Heart Disease and Parkinson’s

Reviewed by: HU Medical Review Board | Last reviewed: March 2022

Though Parkinson’s disease (PD) is a mainly a movement disorder, it can affect many other areas of the body. Research has shown that those living with PD are at an increased risk of developing heart disease.1,2

Heart conditions linked to PD

PD can have a major impact of the heart and blood vessels. This increases the risk of many common heart problems.1,2

Heart attack

When plaque builds up in the blood vessels that supply the heart (coronary arteries), it can block blood flow. The areas of the heart that normally receive that blood will not be able to function well. This causes chest pain and often permanent heart damage.1,2


An arrhythmia is a problem with the rate or rhythm of the heartbeat. PD can make the heart beat too slow (bradycardia), too fast (tachycardia), or in an irregular pattern.1,2

Ischemic stroke

A stroke occurs when an area of the brain cannot properly work. In ischemic strokes, this is caused by decreased blood flow. Arrythmias like atrial fibrillation can create blood clots in the heart. These blood clots can travel to the brain and get stuck in an artery, blocking blood flow and causing stroke symptoms.1,2

Congestive heart failure

Congestive heart failure (CHF) occurs when the heart is damaged and cannot pump blood well. This blood backs up, or "congests,” the heart and sometimes the lungs. This can cause leg swelling, difficulty breathing, and high blood pressure.1,2

Coronary artery disease

Coronary artery disease (CAD) refers to buildup of plaque in the arteries that feed the heart. This can cause chest pain (angina) and can progress to a heart attack. PD does not directly cause CAD.1,2

However, those living with PD are at an increased risk of CAD. Experts do not yet understand why this is. Both CAD and PD involve inflammation. Some researchers believe this may be the connection between the 2 conditions.1,2

Why does PD increase the risk?

The nervous system refers to the nerves in the body and how they work together. Our bodies have 2 kinds of nervous systems, autonomic and somatic. The somatic nervous system includes the nerves that we can control, like those that help move our muscles. The autonomic nervous system (ANS) controls the things that happen without us thinking about them.3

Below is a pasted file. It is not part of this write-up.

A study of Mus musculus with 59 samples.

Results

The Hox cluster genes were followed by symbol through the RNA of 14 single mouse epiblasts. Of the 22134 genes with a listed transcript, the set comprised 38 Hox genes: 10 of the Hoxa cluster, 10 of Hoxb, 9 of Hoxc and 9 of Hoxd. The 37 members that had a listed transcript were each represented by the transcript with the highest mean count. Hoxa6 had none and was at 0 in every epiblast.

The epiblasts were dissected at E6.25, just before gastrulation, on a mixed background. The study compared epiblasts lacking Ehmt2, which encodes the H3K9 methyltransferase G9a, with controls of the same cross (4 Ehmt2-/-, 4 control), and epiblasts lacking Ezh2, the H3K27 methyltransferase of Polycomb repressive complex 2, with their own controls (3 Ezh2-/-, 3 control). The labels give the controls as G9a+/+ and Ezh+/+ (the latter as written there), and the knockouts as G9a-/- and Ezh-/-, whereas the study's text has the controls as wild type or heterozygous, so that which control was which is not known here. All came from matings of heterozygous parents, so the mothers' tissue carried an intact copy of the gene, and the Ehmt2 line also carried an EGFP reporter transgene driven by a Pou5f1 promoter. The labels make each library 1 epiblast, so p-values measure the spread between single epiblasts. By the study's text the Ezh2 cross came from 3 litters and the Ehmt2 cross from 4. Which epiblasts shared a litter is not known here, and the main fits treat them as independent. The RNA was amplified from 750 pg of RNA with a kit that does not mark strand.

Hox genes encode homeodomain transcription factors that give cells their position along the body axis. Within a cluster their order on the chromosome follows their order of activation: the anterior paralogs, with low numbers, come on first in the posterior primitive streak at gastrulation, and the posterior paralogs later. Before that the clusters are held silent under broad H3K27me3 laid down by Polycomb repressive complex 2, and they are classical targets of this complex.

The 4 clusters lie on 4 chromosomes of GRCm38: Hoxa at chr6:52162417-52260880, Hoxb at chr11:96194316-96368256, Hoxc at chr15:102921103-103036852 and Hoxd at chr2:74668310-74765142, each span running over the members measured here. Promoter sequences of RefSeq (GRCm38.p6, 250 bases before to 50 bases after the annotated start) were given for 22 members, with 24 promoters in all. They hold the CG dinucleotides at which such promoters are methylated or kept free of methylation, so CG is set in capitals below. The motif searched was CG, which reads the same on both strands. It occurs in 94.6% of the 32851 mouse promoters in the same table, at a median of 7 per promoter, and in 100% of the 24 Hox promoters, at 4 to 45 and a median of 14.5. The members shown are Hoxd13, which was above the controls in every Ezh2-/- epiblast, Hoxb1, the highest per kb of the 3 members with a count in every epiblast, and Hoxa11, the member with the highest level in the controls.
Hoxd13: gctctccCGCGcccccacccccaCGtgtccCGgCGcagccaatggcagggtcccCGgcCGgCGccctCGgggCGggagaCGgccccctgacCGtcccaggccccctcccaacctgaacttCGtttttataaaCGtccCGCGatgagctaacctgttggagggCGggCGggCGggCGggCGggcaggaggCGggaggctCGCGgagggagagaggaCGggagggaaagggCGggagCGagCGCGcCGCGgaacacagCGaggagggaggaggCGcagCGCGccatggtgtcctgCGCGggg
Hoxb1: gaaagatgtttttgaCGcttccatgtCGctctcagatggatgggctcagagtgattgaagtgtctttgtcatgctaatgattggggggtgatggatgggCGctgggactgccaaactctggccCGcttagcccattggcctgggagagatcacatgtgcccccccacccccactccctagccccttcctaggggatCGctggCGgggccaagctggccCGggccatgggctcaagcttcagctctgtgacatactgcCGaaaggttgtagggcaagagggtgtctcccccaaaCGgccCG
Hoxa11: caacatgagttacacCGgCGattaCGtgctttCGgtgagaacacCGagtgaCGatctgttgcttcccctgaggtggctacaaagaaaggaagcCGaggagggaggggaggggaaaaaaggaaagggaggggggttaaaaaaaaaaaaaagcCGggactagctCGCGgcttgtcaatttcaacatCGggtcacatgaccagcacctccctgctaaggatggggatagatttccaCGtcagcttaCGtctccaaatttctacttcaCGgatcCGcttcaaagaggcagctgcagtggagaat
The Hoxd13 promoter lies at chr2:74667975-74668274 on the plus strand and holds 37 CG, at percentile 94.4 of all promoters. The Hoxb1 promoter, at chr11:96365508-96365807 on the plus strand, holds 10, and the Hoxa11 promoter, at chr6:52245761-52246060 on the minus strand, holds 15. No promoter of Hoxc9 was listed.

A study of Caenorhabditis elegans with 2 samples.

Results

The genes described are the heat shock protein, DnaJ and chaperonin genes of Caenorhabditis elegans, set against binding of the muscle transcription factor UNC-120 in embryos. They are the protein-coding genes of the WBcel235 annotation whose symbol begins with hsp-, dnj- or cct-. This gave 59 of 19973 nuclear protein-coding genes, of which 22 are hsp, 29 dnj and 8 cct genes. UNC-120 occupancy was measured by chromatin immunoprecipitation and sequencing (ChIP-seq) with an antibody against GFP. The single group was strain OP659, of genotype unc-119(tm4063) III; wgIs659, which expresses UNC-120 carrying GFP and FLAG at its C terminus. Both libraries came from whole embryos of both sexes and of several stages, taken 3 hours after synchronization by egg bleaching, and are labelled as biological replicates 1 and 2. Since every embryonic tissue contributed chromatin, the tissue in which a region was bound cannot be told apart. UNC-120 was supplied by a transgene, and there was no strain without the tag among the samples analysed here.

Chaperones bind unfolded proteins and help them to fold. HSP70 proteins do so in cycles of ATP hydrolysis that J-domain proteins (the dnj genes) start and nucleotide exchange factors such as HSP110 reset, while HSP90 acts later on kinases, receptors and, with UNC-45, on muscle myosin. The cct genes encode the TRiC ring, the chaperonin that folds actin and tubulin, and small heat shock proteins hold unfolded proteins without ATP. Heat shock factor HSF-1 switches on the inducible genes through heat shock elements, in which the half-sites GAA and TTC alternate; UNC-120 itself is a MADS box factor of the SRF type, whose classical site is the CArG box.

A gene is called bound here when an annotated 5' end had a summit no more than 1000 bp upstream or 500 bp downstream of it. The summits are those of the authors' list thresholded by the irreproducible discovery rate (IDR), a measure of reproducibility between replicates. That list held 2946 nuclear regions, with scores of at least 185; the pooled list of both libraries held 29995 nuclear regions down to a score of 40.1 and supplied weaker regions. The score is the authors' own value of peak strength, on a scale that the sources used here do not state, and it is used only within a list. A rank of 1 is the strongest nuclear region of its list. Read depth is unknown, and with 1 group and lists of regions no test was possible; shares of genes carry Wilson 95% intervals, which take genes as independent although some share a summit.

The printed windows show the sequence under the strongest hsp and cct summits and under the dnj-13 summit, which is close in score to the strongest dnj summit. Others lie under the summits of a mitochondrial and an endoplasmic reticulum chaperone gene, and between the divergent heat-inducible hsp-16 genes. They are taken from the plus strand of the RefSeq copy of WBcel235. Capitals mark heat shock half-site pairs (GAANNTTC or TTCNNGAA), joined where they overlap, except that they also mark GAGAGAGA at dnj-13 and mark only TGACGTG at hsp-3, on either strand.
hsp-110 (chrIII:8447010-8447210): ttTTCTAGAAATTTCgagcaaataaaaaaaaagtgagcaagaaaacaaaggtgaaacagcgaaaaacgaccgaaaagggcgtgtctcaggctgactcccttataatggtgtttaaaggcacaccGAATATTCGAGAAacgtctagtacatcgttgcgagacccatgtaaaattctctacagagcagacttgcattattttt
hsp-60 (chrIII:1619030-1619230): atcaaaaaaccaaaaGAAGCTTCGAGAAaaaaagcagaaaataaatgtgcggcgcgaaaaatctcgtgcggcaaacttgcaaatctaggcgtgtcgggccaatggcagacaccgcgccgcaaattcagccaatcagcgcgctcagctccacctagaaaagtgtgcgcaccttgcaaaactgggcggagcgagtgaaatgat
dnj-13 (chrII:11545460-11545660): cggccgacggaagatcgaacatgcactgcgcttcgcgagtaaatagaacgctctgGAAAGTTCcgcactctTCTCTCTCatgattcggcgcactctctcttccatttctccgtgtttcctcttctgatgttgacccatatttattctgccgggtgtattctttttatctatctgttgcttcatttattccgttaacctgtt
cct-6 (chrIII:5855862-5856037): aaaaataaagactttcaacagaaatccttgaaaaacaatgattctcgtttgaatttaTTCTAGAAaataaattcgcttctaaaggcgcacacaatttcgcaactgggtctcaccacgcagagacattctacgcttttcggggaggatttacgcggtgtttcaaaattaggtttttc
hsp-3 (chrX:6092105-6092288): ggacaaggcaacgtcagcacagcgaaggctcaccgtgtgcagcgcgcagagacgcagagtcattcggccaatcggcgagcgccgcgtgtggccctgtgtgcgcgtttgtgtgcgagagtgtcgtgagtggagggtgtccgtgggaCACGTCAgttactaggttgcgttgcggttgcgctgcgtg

PD causes damage to nerves in the brain that control movement. That same damage can occur to other parts of the brain, affecting the ANS. In PD, this can look like arrythmias and orthostatic hypotension.3

When we move from laying down to sitting or from sitting to standing, gravity pulls blood down to our feet. The body uses the ANS to prevent low blood pressure when this occurs. Orthostatic hypotension, or big drops in blood pressure when changing positions, happens when the ANS is not able to do its job.3

The ANS also controls our heart rate. When it is not working properly, it does not send the right signals to the heart. This can result in a heart rate that is too fast, too slow, or irregular. This can decrease the amount of blood reaching the brain and body.3

How to keep your heart healthy

Heart health is important for everyone, but it may be extra important for those living with PD. Here are a few things that can help keep your heart in better health:4

  • Stay physically active. Aim for at least 150 minutes of activity per week.
  • Quit smoking.
  • Include heart-healthy foods in your diet like fruits, vegetables, and high-fiber foods.
  • Avoid saturated fats and high-salt foods.
  • Manage diabetes, high blood pressure and high cholesterol with the help of your doctor.

If you have any questions about your heart health, speak to your doctor.